Handel – Anachronistic Hearts
La Lucretia, HWV145; plus mezzo-soprano arias from Agrippina, Alcina, Il Trionfo del Tempo e del Disinganno etc
Héloïse Mas (soprano); London Handel Orchestra/Laurence Cummings
Muso MU 045 76:35 mins
For her debut solo recording, mezzo-soprano Héloïse Mas has chosen favourite Handel arias as the soundtrack for a video story of her own devising. In scenes on her YouTube channel, she plays a Victorian-era secret agent with an unconvincing English accent who fights werewolves in CGI and martial-arts sequences. Mas claims her project will broaden the audience for Handel’s music.
Without the silly visuals, Anachronistic Hearts is an engaging album. Mas is a daring singer: guided by the cool expertise of Laurence Cummings and the London Handel Orchestra, her execution is often riveting. Her buttery lower register and glorious top notes make Handel’s lyric melodies glow. In the programme’s centrepiece, La Lucrezia, she counters the players’ sobriety with sweeping climaxes that both draw us into Lucretia’s story and harness the delicate power of Handel’s music.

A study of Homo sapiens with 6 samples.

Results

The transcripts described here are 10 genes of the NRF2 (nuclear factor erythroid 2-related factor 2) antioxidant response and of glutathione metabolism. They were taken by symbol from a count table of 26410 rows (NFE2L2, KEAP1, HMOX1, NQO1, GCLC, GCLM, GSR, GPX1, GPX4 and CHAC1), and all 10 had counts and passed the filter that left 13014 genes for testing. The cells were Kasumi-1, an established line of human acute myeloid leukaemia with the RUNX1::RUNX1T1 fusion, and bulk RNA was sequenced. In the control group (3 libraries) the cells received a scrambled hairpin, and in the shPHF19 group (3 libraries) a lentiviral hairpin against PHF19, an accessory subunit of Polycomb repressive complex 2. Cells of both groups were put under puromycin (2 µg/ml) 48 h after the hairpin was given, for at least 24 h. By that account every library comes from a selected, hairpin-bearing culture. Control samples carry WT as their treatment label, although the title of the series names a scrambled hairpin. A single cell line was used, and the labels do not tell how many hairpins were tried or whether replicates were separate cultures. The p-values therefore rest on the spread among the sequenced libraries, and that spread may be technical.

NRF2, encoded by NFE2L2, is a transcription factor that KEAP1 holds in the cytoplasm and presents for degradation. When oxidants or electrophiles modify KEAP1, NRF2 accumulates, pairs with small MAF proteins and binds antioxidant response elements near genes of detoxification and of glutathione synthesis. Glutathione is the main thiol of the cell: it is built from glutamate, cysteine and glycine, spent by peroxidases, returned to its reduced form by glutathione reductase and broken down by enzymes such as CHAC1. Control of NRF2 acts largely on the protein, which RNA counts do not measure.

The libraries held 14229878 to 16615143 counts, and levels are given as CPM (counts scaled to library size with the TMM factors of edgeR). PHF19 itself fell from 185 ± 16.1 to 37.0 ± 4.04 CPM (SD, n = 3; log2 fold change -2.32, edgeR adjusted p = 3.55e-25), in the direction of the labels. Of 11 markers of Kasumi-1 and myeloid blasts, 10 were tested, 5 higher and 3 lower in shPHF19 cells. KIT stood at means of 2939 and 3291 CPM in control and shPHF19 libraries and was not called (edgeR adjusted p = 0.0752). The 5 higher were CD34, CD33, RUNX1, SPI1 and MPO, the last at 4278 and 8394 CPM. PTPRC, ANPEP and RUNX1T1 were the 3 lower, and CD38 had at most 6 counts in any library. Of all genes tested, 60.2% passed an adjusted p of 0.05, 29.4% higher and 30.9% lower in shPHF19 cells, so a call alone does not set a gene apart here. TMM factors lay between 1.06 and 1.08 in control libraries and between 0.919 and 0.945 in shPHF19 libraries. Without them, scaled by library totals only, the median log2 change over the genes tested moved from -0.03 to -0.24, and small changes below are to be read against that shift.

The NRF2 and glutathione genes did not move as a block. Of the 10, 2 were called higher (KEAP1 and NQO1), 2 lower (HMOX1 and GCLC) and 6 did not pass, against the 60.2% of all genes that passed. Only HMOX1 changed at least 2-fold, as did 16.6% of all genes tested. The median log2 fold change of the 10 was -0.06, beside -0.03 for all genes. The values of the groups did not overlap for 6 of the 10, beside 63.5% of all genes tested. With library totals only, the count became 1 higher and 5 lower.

There are problems. Even in La Lucrezia, the drama tends to be Romantic rather than Baroque. Extemporisation and soft dynamics are rare, and tempos extreme. Mas produces her sound in the same way for each number, regardless of mood. She also brushes aside musical rhetoric: not for her are the pauses, sighs and lift or sag in verse that Handel translated into music. At times Mas stops listening to the band, for instance in ‘Ah! mio cor!’ from Alcina, whose tense walking bass she slows to a sticky plod. This album has its pleasures, but the focus is on Mas rather than on the kind of vocal artistry for which Handel wrote.